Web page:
How to Remember English Words Easily

Common question…

“How do I stop myself from forgetting the English words I learn?”

Now, first and foremost: don’t focus on words.

Focus on chunks of English, because this is how native speakers actually use English, and how you should learn if you want to speak like they do (i.e. fluently and naturally). But the principle is the same whether you’re learning words, phrases, expressions or chunks of English.

So I’ll say “words”….

… and keep it simple.

When I was first learning Japanese, I’d get really frustrated because I’d learn words again and again… and just forget them. And it’d be really irritating when I was speaking, and I KNEW I’d learned the word I wanted, but I had no idea what it was.

One book I read advised me to use “mnemonics” to remember words.

This is where you make up stories to remember the word with. This kind of worked… but to be honest I didn’t like doing it. It was time-consuming thinking up little stories for every word I wanted learn… and if I was reading, say, a book or article, it ruined my enjoyment stopping all the time.

But then I asked myself…

Why do we forget stuff, anyway?

And the answer to that is simple, but very powerful once you ‘get’ it.

We forget stuff because we put it in our brain… then do nothing with it, connect it to no other information and, then, well, never come back to it.

And so the brain thinks we don’t care.

And since it doesn’t want to waste its time with stuff we’re indifferent about, it assumes we’re done and chucks it out.

The key to remembering then (and indeed, this is why mnemonics work…) is showing the brain that the word we’ve just learned is important, we want it, it’s useful, and we NEED to remember it. And we do THIS by actively repeating, practising and relearning it… and importantly by integrating it into all the other information we have.

There’s that word again…


Remember what I talked about yesterday?

It’s hard to create totally new networks of information in the brain. But it’s very easy to ADD to existing networks. And because the new words we learn get tied up with those existing networks, then stick.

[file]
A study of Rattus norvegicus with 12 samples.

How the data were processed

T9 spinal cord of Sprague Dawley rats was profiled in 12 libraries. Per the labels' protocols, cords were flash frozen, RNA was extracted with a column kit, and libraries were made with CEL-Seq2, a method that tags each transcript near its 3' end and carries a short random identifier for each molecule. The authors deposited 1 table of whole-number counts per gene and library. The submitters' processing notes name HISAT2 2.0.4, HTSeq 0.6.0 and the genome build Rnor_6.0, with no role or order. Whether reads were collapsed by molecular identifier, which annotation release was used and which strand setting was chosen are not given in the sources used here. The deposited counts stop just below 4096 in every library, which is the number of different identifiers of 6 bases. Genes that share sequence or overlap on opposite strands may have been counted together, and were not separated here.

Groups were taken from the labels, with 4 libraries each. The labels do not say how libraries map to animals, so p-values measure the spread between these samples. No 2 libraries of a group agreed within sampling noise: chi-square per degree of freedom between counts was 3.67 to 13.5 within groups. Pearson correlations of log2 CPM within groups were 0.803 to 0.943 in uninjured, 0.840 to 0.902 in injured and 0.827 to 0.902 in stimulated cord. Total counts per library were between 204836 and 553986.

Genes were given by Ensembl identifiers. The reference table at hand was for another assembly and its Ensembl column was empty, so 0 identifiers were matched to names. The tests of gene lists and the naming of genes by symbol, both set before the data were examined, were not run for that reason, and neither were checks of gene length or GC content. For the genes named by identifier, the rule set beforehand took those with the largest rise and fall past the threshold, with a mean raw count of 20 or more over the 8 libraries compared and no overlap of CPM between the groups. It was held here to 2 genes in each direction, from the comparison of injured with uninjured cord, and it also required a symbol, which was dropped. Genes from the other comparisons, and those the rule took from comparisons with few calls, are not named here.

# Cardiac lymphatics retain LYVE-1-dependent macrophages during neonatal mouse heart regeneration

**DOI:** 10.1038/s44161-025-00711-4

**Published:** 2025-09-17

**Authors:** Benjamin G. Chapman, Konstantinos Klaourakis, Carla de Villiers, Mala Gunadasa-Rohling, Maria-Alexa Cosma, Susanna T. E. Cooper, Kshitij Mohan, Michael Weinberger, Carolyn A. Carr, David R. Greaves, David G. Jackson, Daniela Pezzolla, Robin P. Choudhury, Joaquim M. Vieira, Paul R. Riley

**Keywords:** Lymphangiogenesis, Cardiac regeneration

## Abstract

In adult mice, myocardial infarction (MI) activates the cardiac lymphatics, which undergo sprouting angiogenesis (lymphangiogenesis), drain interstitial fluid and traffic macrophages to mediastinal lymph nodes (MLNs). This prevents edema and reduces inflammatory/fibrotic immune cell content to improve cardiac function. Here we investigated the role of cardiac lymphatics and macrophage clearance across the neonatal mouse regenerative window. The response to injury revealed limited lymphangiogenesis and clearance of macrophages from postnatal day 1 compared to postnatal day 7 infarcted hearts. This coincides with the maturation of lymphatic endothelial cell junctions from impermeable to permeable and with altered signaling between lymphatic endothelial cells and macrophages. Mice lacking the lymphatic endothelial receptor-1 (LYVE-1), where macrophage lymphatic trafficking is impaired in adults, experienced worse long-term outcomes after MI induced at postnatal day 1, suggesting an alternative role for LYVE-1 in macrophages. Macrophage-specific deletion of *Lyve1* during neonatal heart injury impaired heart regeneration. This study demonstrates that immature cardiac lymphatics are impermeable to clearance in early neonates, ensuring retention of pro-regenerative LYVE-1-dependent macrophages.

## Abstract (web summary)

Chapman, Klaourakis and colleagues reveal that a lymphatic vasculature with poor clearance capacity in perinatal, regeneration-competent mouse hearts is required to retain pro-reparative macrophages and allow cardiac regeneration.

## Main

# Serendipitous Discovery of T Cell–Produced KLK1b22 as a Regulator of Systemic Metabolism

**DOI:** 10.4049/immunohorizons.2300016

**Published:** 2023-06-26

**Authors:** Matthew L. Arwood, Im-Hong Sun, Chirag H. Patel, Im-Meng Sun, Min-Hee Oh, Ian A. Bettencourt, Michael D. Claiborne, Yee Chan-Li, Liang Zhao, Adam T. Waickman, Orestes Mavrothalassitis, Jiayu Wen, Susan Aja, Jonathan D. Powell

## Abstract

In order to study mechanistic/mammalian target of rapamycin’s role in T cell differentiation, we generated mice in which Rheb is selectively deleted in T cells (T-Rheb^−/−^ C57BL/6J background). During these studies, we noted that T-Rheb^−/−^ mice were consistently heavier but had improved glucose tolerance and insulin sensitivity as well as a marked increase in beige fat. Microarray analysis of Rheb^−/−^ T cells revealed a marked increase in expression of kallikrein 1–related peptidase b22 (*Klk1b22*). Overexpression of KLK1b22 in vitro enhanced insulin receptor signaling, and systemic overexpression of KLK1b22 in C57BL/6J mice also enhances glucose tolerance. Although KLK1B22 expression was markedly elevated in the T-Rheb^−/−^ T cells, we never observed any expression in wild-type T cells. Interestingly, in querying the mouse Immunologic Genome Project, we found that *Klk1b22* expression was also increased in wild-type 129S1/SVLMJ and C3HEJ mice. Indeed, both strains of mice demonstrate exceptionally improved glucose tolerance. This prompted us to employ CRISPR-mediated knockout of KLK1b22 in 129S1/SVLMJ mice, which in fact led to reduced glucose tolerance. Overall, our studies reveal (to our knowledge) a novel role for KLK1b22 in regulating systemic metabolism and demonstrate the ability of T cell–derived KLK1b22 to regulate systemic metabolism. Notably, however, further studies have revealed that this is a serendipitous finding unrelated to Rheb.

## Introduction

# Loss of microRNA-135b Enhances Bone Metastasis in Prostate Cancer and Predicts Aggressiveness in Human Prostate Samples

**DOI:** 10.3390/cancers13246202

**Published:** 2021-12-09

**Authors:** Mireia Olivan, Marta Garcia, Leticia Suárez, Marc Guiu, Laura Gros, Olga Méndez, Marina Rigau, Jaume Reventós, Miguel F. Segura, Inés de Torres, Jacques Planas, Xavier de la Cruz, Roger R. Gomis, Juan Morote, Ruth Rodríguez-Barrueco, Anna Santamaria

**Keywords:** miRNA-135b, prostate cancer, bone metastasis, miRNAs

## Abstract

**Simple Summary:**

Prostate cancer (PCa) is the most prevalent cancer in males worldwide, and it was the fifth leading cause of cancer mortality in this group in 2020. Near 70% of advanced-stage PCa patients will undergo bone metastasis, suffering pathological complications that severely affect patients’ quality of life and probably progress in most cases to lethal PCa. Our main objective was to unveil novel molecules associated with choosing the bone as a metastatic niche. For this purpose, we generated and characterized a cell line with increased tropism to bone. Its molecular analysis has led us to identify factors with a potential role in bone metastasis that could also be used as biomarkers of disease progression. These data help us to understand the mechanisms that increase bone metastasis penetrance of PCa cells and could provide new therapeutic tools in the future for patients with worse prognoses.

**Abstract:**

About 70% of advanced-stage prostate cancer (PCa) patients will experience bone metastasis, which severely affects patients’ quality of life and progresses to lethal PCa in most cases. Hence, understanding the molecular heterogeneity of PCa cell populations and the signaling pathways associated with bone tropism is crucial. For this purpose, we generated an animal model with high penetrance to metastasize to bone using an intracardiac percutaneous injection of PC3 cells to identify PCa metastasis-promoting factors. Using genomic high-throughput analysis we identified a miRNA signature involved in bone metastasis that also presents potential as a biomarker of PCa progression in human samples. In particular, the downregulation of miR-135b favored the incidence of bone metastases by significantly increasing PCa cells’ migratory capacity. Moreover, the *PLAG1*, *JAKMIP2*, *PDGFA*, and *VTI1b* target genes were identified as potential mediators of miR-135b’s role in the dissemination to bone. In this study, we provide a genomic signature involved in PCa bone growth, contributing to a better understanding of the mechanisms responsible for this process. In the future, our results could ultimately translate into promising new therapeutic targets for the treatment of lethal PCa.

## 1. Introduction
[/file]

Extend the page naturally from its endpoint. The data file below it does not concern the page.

In my new book, English Learning Done Right: How Your Brain wants you to Learn to Speak English (or indeed, Any Other Skill) so it NEVER forgets I go into detail about how your brain learns best (based on what we know from cognitive psychology and neuroscience) and I give you a whole load of different ways you can integrate new English into your existing neural networks.

If you keep forgetting your English mid-conversation, grab yourself a copy and pay attention.


P.S. By the way…

If you’ve already got ELDR (which is the same as “Secrets of Structured Learning – I changed the name), be sure to register your copy to get the free audio version.

There’s a URL in the Resources section.

People who have the book also get extra lessons by email based on the book (and don’t see these promotions to get it).

If you don’t have it though…

Get your copy here.



Meet the Author

Julian Northbrook

Julian Northbrook is an unconventional punk of the business English learning world. A leading expert in English education and direct response marketing, he’s fully equipped to drag you kicking and screaming from English-mediocracy to speaking at an outstanding level. After being turned down for his dream job in the art industry, Julian suffered three long years as a crap Japanese speaker. He understands exactly what it’s like to feel like a total idiot every time you speak. But Julian overcame his language problems, mastered the language, and went on to work first as a freelance translator, then as an executive member of a Japanese company. But he soon grew sick of the corporate world and left it to pursue something infinitely more satisfying — running his own business helping small business owners and entrepreneurs get so good at English that they forget that it’s not their first language. He writes the infamous Doing English Daily Newsletter which you can (and should) subscribe to.